Overland Storage's board has parted company with its president and CEO, Christopher Calisi. In its statement the board did not say whether Calisi resigned or was fired, but the supposition is that he was fired.
The reasons for the termination were not stated. However it is an open secret that Calisi's tenure was in doubt after the company announced a seven-fold increase in losses in its last financial quarter.
The chairman, Scott McClendon, becomes interim president and CEO and an executive search is underway to find a permanent CEO.
The background to this is that Overland Storage was primarily a tape automation vendor in a market facing contraction and diminishing revenues due to the rise of disk-to-disk (D2D) backup. Overland sold its branded products directly and also supplied products to OEMs such as HP, its largest customer. It moved into disk-to-disk backup with its REO virtual tape product line, added a transfer to its NEO tape libraries (D2D2T) and then into protected primary storage with the Ultamus line. This was achieved by buying a company called Zetta for its technology and software developments.
The idea was to cover all tiers of storage: primary disk; secondary disk; and tape backup, with an integrated line of products. It made more sense to Overland than to its customers who couldn't, evidently, see why the market needed another RAID drive array vendor.
However four crushing blows occurred, two of them self-inflicted.
First HP decided not to take future Overland tape automation products causing a big drop in Overland's forecast revenue stream. Then ADIC tried to buy Overland and a multi-month struggle culminated in a defeat for ADIC. It seems likely that management was dominated by the resistance to ADIC for much of this time. ADIC was then bought by Quantum.
Thirdly, and in an attempt to reduce costs, Overland outsourced its manufacturing to a contract manufacturer. Unfortunately this was done badly and product delivery reliability allegedly suffered. This caused Dell, another Overland OEM, to cancel an OEM arrangement for two new tape automation devices. Overland also had to bring manufacturing back in house. Thus costs went up and the forecast revenue stream went down again.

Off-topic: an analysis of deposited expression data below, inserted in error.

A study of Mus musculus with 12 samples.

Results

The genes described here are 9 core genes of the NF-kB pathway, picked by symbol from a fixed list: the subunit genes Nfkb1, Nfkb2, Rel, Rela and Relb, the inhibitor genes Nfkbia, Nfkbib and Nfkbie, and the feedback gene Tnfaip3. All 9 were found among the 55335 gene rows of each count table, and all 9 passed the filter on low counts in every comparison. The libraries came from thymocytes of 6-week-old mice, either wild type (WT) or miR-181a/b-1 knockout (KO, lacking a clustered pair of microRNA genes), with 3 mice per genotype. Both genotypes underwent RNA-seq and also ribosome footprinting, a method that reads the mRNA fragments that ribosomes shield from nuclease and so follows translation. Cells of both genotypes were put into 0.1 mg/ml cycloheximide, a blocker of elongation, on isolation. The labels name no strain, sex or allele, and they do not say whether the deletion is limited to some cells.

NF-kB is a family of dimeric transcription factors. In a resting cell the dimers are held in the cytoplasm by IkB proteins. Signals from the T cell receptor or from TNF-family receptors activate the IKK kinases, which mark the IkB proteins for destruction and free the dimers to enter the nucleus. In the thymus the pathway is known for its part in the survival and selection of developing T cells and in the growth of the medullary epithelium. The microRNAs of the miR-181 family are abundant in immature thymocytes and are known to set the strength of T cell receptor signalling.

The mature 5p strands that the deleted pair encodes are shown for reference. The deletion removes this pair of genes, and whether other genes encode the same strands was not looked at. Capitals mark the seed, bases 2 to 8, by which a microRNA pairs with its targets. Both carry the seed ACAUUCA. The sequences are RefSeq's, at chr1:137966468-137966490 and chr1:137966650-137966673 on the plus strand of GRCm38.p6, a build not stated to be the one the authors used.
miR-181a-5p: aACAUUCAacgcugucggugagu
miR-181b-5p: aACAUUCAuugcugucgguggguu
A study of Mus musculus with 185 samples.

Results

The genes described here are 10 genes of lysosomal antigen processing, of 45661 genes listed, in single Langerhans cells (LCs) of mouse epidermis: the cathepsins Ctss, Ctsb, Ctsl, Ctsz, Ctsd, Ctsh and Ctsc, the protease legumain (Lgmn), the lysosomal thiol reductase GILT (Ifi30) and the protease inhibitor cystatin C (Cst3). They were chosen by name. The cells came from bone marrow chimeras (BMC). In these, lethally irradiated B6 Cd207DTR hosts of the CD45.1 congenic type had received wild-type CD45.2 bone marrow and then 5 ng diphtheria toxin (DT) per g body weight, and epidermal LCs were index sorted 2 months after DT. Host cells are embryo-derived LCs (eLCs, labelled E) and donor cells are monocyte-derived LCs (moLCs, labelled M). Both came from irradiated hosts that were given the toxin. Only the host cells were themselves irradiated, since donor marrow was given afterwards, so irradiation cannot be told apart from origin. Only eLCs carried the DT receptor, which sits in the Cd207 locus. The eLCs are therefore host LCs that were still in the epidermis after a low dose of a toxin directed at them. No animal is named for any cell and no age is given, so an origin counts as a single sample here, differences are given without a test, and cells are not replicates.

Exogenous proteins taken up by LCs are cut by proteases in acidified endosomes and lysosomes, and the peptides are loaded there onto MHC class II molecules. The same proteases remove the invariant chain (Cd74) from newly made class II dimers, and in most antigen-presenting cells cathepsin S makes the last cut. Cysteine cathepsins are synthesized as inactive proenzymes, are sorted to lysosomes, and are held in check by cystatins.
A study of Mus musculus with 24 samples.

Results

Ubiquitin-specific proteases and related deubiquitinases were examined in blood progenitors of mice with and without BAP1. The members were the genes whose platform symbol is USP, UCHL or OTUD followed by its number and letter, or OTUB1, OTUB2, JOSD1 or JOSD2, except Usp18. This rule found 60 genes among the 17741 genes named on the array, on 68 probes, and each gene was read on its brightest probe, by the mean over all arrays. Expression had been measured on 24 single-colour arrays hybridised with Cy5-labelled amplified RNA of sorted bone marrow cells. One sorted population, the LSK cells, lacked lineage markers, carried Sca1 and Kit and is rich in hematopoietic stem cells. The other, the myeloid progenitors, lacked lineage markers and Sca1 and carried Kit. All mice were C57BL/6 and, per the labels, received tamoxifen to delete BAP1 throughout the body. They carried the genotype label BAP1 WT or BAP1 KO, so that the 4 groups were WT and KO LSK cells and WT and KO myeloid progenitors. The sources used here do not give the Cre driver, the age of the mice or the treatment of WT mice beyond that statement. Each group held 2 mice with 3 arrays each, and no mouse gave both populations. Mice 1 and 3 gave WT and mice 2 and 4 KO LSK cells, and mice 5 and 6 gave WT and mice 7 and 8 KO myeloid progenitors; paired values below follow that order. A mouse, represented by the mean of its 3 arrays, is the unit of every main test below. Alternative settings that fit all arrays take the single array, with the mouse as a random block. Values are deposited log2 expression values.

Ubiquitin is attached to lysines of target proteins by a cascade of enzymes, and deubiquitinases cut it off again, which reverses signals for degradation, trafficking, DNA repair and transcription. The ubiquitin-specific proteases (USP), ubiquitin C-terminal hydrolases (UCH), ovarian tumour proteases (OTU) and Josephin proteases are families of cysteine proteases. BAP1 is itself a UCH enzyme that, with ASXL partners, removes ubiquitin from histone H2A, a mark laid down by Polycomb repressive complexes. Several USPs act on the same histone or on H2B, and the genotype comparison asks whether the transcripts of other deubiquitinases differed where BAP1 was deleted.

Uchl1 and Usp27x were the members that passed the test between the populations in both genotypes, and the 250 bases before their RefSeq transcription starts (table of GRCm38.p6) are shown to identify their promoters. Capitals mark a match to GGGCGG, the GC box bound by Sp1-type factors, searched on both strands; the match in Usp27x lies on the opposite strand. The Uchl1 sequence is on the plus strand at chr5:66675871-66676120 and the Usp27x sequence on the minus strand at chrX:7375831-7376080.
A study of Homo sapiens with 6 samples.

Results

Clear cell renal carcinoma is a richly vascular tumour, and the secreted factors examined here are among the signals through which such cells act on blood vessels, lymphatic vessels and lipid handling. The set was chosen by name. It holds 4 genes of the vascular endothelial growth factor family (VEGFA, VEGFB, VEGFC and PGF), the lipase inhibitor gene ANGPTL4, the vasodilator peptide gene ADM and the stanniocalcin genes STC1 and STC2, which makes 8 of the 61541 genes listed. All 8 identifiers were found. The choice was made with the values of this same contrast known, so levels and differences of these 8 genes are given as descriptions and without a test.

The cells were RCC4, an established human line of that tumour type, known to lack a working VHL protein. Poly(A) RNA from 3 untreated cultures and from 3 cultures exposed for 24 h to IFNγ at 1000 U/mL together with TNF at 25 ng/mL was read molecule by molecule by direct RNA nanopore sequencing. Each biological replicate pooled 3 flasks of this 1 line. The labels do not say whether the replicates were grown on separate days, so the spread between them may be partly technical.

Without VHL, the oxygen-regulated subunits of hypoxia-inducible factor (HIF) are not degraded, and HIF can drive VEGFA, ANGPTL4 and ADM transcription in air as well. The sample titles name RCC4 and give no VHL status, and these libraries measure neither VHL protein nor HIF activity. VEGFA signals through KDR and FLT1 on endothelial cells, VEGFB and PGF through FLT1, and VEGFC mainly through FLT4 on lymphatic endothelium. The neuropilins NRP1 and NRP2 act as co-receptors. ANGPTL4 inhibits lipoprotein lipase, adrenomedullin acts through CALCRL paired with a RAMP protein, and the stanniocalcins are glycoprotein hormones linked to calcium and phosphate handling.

The net effect of these four blows came with last quarter's figures where CEO Calisi announced the virtual closing down of the acquired Zetta operation, both in office facility and development team terms. It seems that the Ultamus line has not been well-received by customers although, ironically, the new ARCvault tape automation device has been selling very well.
Calisi's strategy is being reviewed. It would seem that Overland will not want to concentrate so much power in a combined president and CEO again. The board's statement said: " The board also created a new strategy committee to be chaired by director Mark J. Barrenechea, which will provide input to the board and management in the development of the company's corporate strategy."
It will be a hard task. Competitor Exabyte has been absorbed by Tandberg in a consolidating tape automation market. It's not that tape automation as a market is dead, witness M5 in the UK. But Overland does not have the market size, many would say, to compete in the virtual tape and the protected drive array market as well as develop strong products in its core tape automation base. It has, for example, no de-duplication strategy to reduce D2D backup data volume.
It has to make choices about where to concentrate its efforts and a withdrawal from the primary disk market is probably on the cards.
Inside the UK operation the terrmination was not unexpected according to a contact familiar with the situation: "It's not a surprise what with the things that have been going on. Think about the lifecycle of CEOs generally. He's had a good run, an exciting run. You've got to have a scapegoat or whatever."
What's the mood like inside Overland? "Let's just get on with it. We've got new products, new stuff. There's cash in the bank. We're still healthy. Leave us alone to get on with it."